What is profit?


What I am trying to do is verify that your claim has is based in fact. That's all.

Given that the financial sector represents 20% of the S&P 500, what you are claiming is the following:

1) All $2.4 trillion in profits are directly attributable to the financial sector of the S&P 500.
2) The remaining 80% of the S&P 500 had profits and losses netting to $0.
3) All of the $2.4 trillion in profits were a result of market-to-market gains.
4) The financial sector had, on a net basis, $0 in operating profit.

In other words, you're claiming that 100% of the S&P 500's profits for September 1, 2004 through September 30, 2008 were the result of mark-to-market accounting for marketable securities.

Those are extraordinary claims

Except of course that is not what I said at all and it is worrying that this accountant seems to think that mark to market accounting applies only to the financial sector.

Admittedly, I view this from a European perspective, and from that of International Financial Reporting Standards. But the whole basis of fair value accounting, as we would have it over here, has fundamentally reformed all reporting for all companies, and not just the financial sector.

In fact, so radical has the reform been that it seems to me that to very large degree what sector a company is in is now largely irrelevant to the form of reporting that it offers. The explanation is simple: if the purpose of financial reporting is, as both the International Accounting Standards Board and FASB contend, to supply information to the providers of capital to assist them in deciding how to allocate their resources, then financial reporting has no longer got anything to do with what the company actually does, and only has relevance to what opportunity it provides for making a rate of return within the financial marketplace. Everything in that circumstance has been reduced to one common denominator, which is how to make a quick buck.

Mark to market accounting is a fundamental element in this process: it enshrines the financial markets to which information is supplied by reporting entities within their own reporting systems, based on what I think the IASB thought was a virtuous circle, but which has transpired to be the very opposite.

And this mark to market process applies to a wide range of activity, not just to the marketable securities of financial institutions. As a result pension fund accounting has been fundamentally reformed; so too has been the accounting for goodwill (where write-offs mysteriously stopped almost overnight when this method of accounting was introduced). Property accounting was radically transformed, as was the accounting of the company for its own debt: the liability not now being the cash due but the market worth of the debt, which is something potentially quite different. I could go on, but the point is this: accounts before and after the introduction of fair value or mark to market accounting cannot be related to each other.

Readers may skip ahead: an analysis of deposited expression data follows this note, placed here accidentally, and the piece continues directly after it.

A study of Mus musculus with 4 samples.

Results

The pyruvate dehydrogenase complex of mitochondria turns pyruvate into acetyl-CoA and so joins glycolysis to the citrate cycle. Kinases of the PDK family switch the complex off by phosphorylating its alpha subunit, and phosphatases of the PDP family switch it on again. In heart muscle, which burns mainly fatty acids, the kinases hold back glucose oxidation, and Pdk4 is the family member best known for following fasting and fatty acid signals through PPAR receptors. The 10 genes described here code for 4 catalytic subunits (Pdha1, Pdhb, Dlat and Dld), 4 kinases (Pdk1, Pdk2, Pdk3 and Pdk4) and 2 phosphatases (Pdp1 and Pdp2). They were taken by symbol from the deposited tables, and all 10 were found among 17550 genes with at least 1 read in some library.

The fundamental difference is this. Under accruals accounting based on historical cost profit was accounted for in accordance with this equation:

Sales - Costs = Profit

Under fair value accounting profit is determined using this equation:

Net value stated at market worth at this year's balance sheet date - Net value stated at market worth at last year's balance sheet date = Profit

Yes, I do know I am simplifying things: of course I am, but that does not change the fundamental point: if you change the absolutely basic accounting equation on which you build your perception of profit the results before and after the change will not be the same. And that has been our experience. So radical is the change that before the change cash flow could basically reconcile one balance sheet with the next: now it need not. And if cash is no longer king then dividends can be manufactured artificially. They have been and we are paying the price for it. So are millions and millions of innocent investors.

Is that a cost the accounting profession should have imposed upon these people? I suggest not. But impose it it has. It has a lot to apologise for, and I'm not apologising for making the point.